What Disney princesses tell us

27 October 2011

This is lifted from George Takei’s watchable Facebook page. Fantastic.


  1. Gratiana Says:

    Hi Didion,

    Nice to meet you. As a new subscriber to your blog, I’m enjoying perusing your resources.

    Love your post today. It reminded me of on of our professors on our campus who does groundbreaking work in sexism in children’s literature–Dr. Roberta Seelinger Trites (http://english.illinoisstate.edu/seeling/index.htm).

    Dr. Trites gave an amazing College of Arts and Sciences Distinguished Lecturer presentation with graphics and movie clips titled:

    Trites, R.S. “The Pixar Maturity Formula: Sexism, Growth, and Social Responsibility in Children’s Movies.” Illinois State University, October 21, 2010.

    You might know her from one of her books:

    Trites, R.S. Waking Sleeping Beauty: Feminist Voices in Children’s Novels. Iowa City: University of Iowa Press, 1997. 
    • Chinese translation, 2010.  Trans. LI Li. Hefei: Anhui Publishing, 2010.
• Japanese translation. Trans. YOSHIDA Junko. Kyoto: Aunsha, 2002.
• Winner of the American Library Association’s Choice Award, 1997.

    Cheers! Grati ;->

    P.S. Years ago, when my niece was a little girl, I showed her my new Disney screen saver on my Apple II. She asked “where are all the girls?” Because at that point, Minnie Mouse and Daisy Duck were it. Yet, there was a plethora of male characters. But, some of the messages about women that these new women characters might put forth are not necessarily the ones we want our young women to receive. Sighhhhh!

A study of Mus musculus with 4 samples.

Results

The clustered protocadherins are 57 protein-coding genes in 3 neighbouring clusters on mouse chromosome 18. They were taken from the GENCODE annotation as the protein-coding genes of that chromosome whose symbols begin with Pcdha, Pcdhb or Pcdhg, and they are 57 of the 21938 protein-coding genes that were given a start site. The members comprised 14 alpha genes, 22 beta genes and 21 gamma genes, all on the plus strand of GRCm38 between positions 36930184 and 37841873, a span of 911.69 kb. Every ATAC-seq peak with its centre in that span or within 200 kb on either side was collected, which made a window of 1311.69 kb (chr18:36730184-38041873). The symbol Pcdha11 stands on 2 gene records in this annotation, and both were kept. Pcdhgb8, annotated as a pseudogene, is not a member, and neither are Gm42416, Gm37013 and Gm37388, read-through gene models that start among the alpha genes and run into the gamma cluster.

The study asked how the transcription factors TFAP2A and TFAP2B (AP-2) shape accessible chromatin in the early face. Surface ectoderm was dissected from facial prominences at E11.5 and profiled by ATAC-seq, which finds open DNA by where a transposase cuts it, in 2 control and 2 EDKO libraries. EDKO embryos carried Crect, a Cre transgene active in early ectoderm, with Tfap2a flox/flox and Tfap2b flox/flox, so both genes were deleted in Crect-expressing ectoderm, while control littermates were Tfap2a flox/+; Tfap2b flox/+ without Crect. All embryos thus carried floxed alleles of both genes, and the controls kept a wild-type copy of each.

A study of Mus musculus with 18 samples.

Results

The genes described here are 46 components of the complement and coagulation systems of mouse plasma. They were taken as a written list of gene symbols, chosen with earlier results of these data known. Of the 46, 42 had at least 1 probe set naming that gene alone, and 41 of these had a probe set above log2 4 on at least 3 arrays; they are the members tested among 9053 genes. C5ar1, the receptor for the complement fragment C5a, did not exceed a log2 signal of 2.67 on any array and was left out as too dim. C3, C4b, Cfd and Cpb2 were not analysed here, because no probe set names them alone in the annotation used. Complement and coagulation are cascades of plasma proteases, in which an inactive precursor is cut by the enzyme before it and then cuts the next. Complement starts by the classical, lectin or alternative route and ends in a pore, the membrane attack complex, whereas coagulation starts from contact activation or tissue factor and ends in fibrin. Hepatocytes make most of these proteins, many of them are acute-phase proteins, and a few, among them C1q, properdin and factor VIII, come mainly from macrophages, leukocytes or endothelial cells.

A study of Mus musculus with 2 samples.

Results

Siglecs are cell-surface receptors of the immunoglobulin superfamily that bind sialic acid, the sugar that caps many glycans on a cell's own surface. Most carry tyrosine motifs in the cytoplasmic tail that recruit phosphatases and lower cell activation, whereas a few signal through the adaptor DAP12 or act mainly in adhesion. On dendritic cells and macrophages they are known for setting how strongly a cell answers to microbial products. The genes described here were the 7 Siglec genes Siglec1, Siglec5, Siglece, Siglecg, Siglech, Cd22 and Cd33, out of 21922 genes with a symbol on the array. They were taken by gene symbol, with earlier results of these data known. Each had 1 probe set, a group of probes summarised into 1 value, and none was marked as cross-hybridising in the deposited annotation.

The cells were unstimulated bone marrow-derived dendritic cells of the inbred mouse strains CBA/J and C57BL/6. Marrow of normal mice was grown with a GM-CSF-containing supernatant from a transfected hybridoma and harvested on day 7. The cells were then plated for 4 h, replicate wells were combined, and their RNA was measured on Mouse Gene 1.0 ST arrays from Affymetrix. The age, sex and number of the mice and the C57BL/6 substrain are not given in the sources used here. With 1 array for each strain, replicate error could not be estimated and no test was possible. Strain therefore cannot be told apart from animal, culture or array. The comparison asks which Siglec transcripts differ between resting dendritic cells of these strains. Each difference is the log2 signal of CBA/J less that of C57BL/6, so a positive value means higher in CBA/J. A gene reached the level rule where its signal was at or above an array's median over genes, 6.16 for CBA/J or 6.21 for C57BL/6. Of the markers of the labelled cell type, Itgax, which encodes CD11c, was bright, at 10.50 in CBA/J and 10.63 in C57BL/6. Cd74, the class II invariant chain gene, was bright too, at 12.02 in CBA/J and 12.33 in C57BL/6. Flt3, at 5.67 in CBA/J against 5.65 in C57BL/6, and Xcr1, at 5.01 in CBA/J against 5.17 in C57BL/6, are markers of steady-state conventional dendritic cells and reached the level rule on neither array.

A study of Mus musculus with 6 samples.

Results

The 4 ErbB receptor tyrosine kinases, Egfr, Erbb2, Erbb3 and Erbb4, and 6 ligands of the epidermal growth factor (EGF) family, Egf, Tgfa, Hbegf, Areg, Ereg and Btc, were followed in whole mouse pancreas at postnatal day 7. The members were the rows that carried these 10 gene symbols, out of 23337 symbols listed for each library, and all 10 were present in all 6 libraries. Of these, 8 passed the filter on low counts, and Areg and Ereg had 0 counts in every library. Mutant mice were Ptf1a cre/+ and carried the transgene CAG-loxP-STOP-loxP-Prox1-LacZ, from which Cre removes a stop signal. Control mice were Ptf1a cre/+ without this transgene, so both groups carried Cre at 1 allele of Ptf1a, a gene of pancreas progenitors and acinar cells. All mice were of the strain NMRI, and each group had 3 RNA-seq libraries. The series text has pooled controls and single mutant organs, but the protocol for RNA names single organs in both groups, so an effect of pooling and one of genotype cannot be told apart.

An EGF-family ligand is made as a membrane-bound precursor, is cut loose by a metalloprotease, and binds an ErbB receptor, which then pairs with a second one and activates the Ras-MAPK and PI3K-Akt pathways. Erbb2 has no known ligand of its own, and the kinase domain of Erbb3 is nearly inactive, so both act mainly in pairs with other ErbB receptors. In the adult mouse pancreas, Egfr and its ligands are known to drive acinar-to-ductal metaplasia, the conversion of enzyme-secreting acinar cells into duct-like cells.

• Didion Says:

      Oooh! I do not know of Roberta Seelinger Trites! and I loove, lurve, these kinds of analyses. Not doing anything remotely related to this academic field myself makes me all the more appreciative of this kind of analysis by others — and I read it not as a professional, but as a fan of film/pop culture. And I can likely get Prof. Trites’ book from the library.

      Your story about your niece reminds me of one time when I was babysitting a feisty 10-yr-old girl. We read Lloyd Alexander’s The Book of Three, which has a boy protagonist and a very feisty/ chatty female sidekick, and I asked her who she’d like to be if she could play in the movie version. She said, “Definitely Taran [the boy], but also Eilonwy [the girl]. I want to be both.” But then I made her agree that the book should have been written from Eilonwy’s perspective rather than Taran, and she was convinced that would’ve been superior.